Idaho Rows of tables laden with food filled the Rose Creek
Longhouse and approximately 300 people gathered to wish Coeur d'Alene
tribal elder Felix Aripa a happy 86th birthday. Aripa is well-known,
referred to often as "uncle," and well-respected throughout the
Coeur d'Alene Reservation.
council members and friends took turns at the microphone recognizing
Aripa and his value to the community. The council decided to name
the new fisheries building, the Felix Aripa Building, "for his commitment
to culture, the language, the history, the natural resources of
these lands including the fish, wildlife, and timber," council member
Dave Matheson said.
spoke about growing up on a farm. His dad was one of the first to
attend the boarding school at Desmet, Idaho, and learned to read
and write English along with his native Coeur d'Alene language.
His mother understood the Coeur d'Alene language, but only spoke
her native Spokane language. It was from this background and visiting
the elders of his day with his father, that he learned the true
snchitsu'umshtsn (Coeur d'Alene) language and that makes him so
important to the language program of the tribe today.
language comes alive through Felix, that's what's important and
what is irreplaceable about Felix," said Raymond Brinkman, an anthropologist
who heads the language program. "He recalls things people said as
he was growing up. We have the direct link to the 19th century.
We hear the things that people were concerned about, what they knew
about and what they talked about. Humor was part of that. We hear
all that through him, but more than that, he comes through the door
talking Coeur d'Alene and making us laugh. It makes it a joy."
his early years Aripa said, "You learned your responsibilities and
your duties as you grew up. First, I had to go to the hen house
to get eggs or feed the chickens. As I got older I went with my
older brothers. I'd watched them milk cows, feed horses, cleaning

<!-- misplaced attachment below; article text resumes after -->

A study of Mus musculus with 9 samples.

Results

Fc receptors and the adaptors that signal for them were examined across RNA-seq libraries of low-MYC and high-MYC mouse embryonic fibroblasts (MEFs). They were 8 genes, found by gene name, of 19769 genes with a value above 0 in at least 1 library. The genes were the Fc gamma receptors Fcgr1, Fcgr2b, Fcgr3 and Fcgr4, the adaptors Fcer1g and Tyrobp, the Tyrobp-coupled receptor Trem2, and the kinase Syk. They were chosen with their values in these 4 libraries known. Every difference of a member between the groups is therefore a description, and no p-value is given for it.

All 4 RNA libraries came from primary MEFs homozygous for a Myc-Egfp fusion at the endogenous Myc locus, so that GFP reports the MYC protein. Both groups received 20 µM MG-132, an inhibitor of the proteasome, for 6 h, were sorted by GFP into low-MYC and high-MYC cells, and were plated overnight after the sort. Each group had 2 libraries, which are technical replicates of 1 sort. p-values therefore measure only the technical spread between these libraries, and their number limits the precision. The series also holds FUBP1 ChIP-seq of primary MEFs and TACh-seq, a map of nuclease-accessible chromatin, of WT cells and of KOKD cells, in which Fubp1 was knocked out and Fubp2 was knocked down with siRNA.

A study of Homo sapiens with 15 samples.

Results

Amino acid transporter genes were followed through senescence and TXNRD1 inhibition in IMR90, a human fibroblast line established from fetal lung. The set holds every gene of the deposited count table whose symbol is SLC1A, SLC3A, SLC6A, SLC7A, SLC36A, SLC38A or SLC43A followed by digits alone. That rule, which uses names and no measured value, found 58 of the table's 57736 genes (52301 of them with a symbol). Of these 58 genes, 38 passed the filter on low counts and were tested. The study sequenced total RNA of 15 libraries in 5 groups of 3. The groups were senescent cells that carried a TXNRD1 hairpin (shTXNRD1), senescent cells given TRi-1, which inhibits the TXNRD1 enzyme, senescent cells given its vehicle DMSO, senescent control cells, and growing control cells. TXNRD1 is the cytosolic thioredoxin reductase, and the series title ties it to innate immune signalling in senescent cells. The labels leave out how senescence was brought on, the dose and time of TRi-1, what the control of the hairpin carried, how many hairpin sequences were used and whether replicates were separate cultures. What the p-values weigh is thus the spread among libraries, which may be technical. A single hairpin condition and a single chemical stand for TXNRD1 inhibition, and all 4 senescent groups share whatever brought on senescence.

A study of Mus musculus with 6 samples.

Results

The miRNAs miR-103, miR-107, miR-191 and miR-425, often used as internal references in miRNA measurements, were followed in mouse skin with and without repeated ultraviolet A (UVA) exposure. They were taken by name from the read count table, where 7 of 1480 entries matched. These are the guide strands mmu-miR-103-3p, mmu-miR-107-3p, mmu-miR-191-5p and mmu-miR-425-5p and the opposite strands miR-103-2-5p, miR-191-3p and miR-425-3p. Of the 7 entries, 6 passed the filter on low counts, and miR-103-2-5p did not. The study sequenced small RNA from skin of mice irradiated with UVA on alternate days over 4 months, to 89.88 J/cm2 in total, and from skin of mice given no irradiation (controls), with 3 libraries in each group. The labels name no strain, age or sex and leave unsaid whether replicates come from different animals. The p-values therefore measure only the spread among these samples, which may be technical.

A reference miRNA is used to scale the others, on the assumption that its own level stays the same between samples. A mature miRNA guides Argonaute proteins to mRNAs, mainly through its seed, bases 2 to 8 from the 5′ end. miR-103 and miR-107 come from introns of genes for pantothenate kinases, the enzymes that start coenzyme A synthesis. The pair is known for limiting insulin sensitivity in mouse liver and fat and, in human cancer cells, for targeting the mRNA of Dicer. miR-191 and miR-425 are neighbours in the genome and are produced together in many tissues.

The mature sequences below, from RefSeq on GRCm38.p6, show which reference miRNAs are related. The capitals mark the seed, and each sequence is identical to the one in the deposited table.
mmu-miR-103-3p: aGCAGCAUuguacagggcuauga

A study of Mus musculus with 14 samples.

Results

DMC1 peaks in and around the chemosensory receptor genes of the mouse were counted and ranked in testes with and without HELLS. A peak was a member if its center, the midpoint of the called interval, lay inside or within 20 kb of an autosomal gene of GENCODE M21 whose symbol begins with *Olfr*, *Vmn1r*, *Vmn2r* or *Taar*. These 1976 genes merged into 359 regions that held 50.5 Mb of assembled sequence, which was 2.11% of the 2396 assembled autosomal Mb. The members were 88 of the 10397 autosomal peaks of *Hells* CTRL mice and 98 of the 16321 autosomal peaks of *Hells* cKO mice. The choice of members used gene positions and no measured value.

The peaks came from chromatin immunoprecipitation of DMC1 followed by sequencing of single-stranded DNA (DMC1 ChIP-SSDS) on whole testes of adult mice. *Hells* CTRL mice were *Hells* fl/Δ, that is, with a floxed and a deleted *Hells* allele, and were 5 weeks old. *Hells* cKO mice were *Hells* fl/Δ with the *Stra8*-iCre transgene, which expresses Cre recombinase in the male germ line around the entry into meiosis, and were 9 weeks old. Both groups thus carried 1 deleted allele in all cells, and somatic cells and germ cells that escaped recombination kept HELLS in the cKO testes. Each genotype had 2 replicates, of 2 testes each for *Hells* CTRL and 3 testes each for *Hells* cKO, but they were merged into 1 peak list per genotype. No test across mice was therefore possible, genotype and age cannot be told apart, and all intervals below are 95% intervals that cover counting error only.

the wheat by hand. You learned what they were doing. You grew up
watching your parents working. They worked hard. That's one of their
traits I gained from my youth. I'm 86 years old and still working.
Like my dad said, 'the best way to kill time is to work it to death.'"
father started farming in the 1890s, before allotment. The missionaries
taught them farming and they had to change their way of living.
They cleared land, raised timothy for the stock, cleared more land
and raised wheat. "We were one of the most noted farmers in the
state of Idaho," Aripa said.
we had on the table was what we grew in our garden. Some staples
like coffee and sugar you had to get from the store. We'd clean
up the wheat and get about 15 sacks on a wagon or truck and haul
it in. That's what you used to buy other staples. Kind of like money
in the bank."
graduated from high school at Desmet and started at Gonzaga University,
but left for the Navy when World War II broke out.
strict parents and teachers prepared him for this part of his life.
I went into the Navy, discipline didn't bother me;" I already had
it." He served aboard the USS Thompson, going through the Panama
Canal to North Africa, Italy and France "Normandy invasion
and different invasions," he recalls. The crew of that ship still
gets together annually, but at the last reunion there were only
four left from the original crew. Aripa is the only WW II veteran
still alive on the Coeur d'Alene Reservation.
also spoke about the close relationship Native people had with animals,
how you never steal water potatoes from a muskrat mound and observe
bears, eagles and other animals to determine weather or locate food.
He talked about huckleberries and trips to the mountains to gather
them. "You didn't pick them to sell; you picked them for the home.
They were one of our main staples on the farm."
hopes younger generations learn the language. "The language is the
main part of our culture." He stressed the importance of learning
the Indian names of the mountains, streams and different locations.
In this respect he is working with the tribe and lettering Coeur
d'Alene names of these landmarks on large maps. He is one of three
tribal members who speak fluent snchitsu'umshtsn.